What makes one of your conversations crucial as opposed to plain vanilla? First, opinions vary. For example, you’re talking with your boss about a possible promotion. She/he thinks you’re not ready; you think you are. Second, stakes are high. You’re in a meeting with four coworkers and you’re trying to pick a new marketing strategy. You’ve got to do something different or your company isn’t going to hit its annual goals. Third, emotions run strong. You’re in the middle of a casual discussion with your spouse and he or she brings up an “ugly incident” that took place at yesterday’s neighborhood block party. Apparently not only did you flirt with someone at the party, but according to your spouse, “You were practically making out.” You don’t remember flirting. You simply remember being polite and friendly. Your spouse walks of in a huff.
Crucial Conversation – a discussion between two or more people where (1) stakes are high, (2) opinions vary, and (3) emotions run strong.
When it matters most, we do our worst
When conversations matter the most – that is, when conversations move from casual to crucial – we’re generally on our worst behavior. Why is that? We’re designed wrong. When conversations turn from routine to crucial, we’re often in trouble. That’s because emotions don’t exactly prepare us to converse effectively. Countless generations of genetic shaping drive humans to handle crucial conversations with flying fists and fleet feet, not intelligent persuasion and gentle attentiveness.
Two tiny organs seated neatly atop your kidneys pump adrenaline into your bloodstream. You don’t choose to do this. Your adrenal glands do it, and then you have to live with it.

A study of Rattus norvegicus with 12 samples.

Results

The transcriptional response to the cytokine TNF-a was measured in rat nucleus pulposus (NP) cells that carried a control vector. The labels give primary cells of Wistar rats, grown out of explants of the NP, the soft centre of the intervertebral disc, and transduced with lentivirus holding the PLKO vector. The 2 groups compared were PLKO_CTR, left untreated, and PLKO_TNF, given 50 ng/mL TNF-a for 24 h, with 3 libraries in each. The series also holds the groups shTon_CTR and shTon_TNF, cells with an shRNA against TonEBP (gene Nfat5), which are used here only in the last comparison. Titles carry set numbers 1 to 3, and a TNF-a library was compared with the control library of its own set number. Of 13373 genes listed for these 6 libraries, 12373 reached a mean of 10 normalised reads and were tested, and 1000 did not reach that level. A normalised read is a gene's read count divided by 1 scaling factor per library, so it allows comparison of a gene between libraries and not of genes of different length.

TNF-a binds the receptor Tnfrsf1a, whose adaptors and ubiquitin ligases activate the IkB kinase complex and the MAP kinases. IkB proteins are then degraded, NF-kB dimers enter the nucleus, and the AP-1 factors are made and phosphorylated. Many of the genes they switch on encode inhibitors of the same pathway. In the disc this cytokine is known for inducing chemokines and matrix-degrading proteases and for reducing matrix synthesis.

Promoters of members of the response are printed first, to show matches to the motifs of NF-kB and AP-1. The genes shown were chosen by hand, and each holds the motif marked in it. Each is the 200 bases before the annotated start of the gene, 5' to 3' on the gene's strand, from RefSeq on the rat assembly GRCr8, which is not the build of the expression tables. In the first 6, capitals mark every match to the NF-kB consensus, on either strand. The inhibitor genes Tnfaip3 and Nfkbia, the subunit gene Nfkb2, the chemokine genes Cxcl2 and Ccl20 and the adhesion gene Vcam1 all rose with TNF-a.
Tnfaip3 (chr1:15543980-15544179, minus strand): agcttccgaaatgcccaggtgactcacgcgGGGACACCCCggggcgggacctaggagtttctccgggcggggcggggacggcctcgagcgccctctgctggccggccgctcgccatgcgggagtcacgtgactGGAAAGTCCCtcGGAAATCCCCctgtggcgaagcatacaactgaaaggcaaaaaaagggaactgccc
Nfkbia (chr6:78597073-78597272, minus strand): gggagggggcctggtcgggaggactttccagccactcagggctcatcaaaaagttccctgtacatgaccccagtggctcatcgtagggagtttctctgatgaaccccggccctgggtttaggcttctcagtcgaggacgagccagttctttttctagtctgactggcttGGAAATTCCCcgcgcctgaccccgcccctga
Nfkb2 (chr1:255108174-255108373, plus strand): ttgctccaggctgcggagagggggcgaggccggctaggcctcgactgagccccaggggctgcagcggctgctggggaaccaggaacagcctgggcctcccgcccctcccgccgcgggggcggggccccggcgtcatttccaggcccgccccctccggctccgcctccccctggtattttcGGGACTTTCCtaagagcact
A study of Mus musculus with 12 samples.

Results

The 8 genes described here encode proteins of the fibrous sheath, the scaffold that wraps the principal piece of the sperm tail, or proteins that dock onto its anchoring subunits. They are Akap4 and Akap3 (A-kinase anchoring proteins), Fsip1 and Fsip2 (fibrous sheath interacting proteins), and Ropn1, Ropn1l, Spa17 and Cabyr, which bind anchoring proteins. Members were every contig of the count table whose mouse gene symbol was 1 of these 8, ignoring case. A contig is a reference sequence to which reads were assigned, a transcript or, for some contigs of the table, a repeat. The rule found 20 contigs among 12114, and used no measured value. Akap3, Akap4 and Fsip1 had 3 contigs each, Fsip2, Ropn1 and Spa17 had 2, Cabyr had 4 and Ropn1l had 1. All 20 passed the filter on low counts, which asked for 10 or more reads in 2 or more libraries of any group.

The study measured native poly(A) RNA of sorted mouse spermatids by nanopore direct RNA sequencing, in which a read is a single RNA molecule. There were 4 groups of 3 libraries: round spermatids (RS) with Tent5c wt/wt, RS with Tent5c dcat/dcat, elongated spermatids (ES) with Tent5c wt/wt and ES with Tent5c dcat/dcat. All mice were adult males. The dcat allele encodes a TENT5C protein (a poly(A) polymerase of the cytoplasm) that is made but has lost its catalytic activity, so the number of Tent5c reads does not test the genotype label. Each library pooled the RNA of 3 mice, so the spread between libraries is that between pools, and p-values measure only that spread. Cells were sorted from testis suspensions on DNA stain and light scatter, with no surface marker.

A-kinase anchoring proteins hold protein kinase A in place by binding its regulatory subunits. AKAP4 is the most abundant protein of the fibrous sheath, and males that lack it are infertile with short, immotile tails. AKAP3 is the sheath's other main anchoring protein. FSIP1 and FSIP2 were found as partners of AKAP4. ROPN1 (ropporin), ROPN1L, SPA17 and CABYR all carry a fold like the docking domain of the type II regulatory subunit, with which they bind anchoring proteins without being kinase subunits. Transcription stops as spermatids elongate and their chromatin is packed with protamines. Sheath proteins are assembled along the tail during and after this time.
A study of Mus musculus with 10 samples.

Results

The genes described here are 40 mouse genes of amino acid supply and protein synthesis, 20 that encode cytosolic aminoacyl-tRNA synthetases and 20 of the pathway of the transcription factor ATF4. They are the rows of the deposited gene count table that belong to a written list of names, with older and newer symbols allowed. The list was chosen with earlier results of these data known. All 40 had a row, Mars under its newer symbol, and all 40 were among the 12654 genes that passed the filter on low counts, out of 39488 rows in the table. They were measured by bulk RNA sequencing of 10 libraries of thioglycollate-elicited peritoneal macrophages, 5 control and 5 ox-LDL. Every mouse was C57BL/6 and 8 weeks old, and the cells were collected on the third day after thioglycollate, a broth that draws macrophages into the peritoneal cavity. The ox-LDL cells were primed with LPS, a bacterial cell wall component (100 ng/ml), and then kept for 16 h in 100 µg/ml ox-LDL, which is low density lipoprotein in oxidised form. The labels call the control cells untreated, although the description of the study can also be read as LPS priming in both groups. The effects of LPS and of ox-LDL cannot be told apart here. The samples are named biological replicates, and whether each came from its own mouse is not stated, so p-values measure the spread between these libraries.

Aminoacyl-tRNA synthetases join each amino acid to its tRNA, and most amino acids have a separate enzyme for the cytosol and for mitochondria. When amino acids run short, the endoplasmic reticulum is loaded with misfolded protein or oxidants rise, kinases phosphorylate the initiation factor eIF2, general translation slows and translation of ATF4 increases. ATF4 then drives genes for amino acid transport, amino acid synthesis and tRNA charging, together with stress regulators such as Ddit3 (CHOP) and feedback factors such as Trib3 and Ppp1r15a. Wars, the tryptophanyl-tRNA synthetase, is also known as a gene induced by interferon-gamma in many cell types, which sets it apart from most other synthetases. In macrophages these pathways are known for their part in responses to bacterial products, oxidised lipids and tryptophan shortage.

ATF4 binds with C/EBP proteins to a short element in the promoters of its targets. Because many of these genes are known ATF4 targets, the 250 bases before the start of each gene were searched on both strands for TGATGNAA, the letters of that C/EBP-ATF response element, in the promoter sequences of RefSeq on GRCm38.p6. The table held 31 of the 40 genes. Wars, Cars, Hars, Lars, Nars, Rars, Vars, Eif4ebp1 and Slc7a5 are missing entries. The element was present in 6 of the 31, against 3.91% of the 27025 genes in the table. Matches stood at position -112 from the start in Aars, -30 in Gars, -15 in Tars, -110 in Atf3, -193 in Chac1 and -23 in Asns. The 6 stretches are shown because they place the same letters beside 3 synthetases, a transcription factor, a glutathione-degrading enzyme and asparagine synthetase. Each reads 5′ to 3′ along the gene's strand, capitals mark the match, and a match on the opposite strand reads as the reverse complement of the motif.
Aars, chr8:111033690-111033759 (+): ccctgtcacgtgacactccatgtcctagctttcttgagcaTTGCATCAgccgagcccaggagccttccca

And that’s not all. Your brain then diverts blood from activities it deems nonessential to high-priority tasks such as hitting and running. Unfortunately, as the large muscles of the arms and legs get more blood, the higher-level reasoning sections of your brain get less. As a result, you end up facing challenging conversations with the same intellectual equipment available to a rhesus monkey. Your body is preparing to deal with an attacking saber-toothed tiger, not your boss, neighbor, or loved ones.
What do you have to work with? The issue at hand, the other person, and a brain that’s drunk on adrenaline and almost incapable of rational thought.
We act in self-defeating ways. In our doped-up, dumbed-down state, the strategies we choose for dealing with our crucial conversations are perfectly designed to keep us from what we actually want. We’re our own worst enemies – and we don’t even realize it. Here’s how this works.
Let’s say that your significant other has been paying less and less attention to you. You realize he or she has a busy job, but you still would like more time together. You drop a few hints about the issue, but your loved one doesn’t handle it well. You decide not to put on added pressure, so you clam up. Of course, since you’re not all that happy with the arrangement, your displeasure now comes out through an occasional sarcastic remark.
“Another late night, huh? I’ve got Facebook friends I see more often.”
Unfortunately (and here’s where the problem becomes self-defeating), the more you snip and snap, the less your loved one wants to be around you. So your significant other spends even less time with you, you become even more upset, and the spiral continues. Your behavior is now actually creating the very thing you didn’t want in the first place. You’re caught in an unhealthy, self-defeating loop.
Most leaders think that organizational productivity and performance are simply about policies, processes, structures, or systems. So when their software product doesn’t ship on time, they benchmark others’ development processes. Or when productivity flags, they tweak their performance management system. When teams aren’t cooperating, they restructure.
Research shows that these types of nonhuman changes fail more often than they succeed. That’s because the real problem never was in the process, system, or structure – it was in employee behavior. The key to real change lies not in implementing a new process, but in getting people to hold one another accountable to the process. And that requires Crucial Conversations skills.